Though a person may spend a lot of time in preparing a well thought out Last Will and Testament, things do not always go as planned. If that person does not update their will as ownership of assets change over the years, then those which are deemed to be the inheritance of another person may not always be available. In addition, if a person's financial situation changes, then upon their passing the estate may not hold enough funds to distribute money to a beneficiary. There are rules in place for these situations which determine whether a beneficiary is still entitled to anything.

Ademption is what occurs when property which was identified in a will is no longer owned or available at the time of death. In this scenario, the beneficiary to whom the property or gift was deemed will receive nothing. If the asset no longer exists then, in layman's terms, the gift no longer exists either. There are two exceptions to this rule. First, if insurance proceeds are payable to the estate due to the loss of property which a beneficiary was to receive, then that beneficiary is entitled to those proceeds. Second, ademption does not apply in cases where a person has left a cash inheritance to a beneficiary and specifically named the source or account from which it is to come. Even if that account is closed at the time of death, the beneficiary is still entitled to those funds from the estate.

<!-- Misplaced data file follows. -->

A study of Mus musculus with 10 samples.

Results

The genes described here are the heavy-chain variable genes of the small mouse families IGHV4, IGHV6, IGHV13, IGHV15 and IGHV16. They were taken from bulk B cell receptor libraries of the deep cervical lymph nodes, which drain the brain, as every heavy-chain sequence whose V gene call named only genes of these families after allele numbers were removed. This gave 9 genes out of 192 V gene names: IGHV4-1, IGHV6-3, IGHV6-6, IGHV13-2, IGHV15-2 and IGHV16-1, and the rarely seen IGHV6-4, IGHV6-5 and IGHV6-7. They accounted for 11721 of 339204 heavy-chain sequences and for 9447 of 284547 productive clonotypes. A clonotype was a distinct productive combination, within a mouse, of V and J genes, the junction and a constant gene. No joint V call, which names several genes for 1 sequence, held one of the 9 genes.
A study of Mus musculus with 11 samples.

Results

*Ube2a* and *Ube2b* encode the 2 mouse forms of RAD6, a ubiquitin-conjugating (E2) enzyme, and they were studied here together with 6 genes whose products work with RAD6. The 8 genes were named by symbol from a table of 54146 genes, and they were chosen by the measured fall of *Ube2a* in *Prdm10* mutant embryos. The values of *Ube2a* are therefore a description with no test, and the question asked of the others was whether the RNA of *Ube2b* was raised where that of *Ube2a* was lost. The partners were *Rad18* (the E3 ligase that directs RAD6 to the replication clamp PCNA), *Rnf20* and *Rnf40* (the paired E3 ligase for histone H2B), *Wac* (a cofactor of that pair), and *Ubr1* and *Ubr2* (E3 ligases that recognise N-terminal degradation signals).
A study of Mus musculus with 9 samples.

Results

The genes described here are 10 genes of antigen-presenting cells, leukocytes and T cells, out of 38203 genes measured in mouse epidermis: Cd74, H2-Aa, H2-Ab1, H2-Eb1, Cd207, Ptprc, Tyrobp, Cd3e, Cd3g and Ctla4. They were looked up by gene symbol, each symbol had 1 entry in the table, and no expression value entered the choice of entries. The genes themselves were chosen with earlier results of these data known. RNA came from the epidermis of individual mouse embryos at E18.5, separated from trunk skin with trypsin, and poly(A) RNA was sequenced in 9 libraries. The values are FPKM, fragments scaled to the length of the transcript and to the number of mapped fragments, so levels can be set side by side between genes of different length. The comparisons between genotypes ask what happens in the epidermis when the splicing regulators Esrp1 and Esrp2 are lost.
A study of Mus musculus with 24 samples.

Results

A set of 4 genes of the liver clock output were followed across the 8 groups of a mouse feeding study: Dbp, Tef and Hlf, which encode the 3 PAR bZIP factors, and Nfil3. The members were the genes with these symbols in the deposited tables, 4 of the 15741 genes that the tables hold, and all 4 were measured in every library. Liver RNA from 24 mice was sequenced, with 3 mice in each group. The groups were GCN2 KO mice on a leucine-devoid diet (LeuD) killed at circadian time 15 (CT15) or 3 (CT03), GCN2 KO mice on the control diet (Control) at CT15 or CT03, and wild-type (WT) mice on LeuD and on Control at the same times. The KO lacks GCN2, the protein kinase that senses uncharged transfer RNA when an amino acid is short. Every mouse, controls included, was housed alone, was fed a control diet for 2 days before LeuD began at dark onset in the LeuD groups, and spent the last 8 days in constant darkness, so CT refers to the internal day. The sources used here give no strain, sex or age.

Abatement is what occurs when an estate does not have enough money and assets are combined to pay all of the owed debts, expenses and court costs. When this happens, all creditor claims will be paid from estate funds first, then if there are any funds left they will be allocated out to beneficiaries. If there are no monies left after creditors have been paid, all beneficiary claims are null and void.

A party would be ill advised to count solely on an inheritance for income. Most times, beneficiaries are completely unaware of the debts of a decedent. Creditor claims take priority in estate matters, and can easily dry up estate funds. An attorney can be a great help in making sure assets and funds of an estate are protected.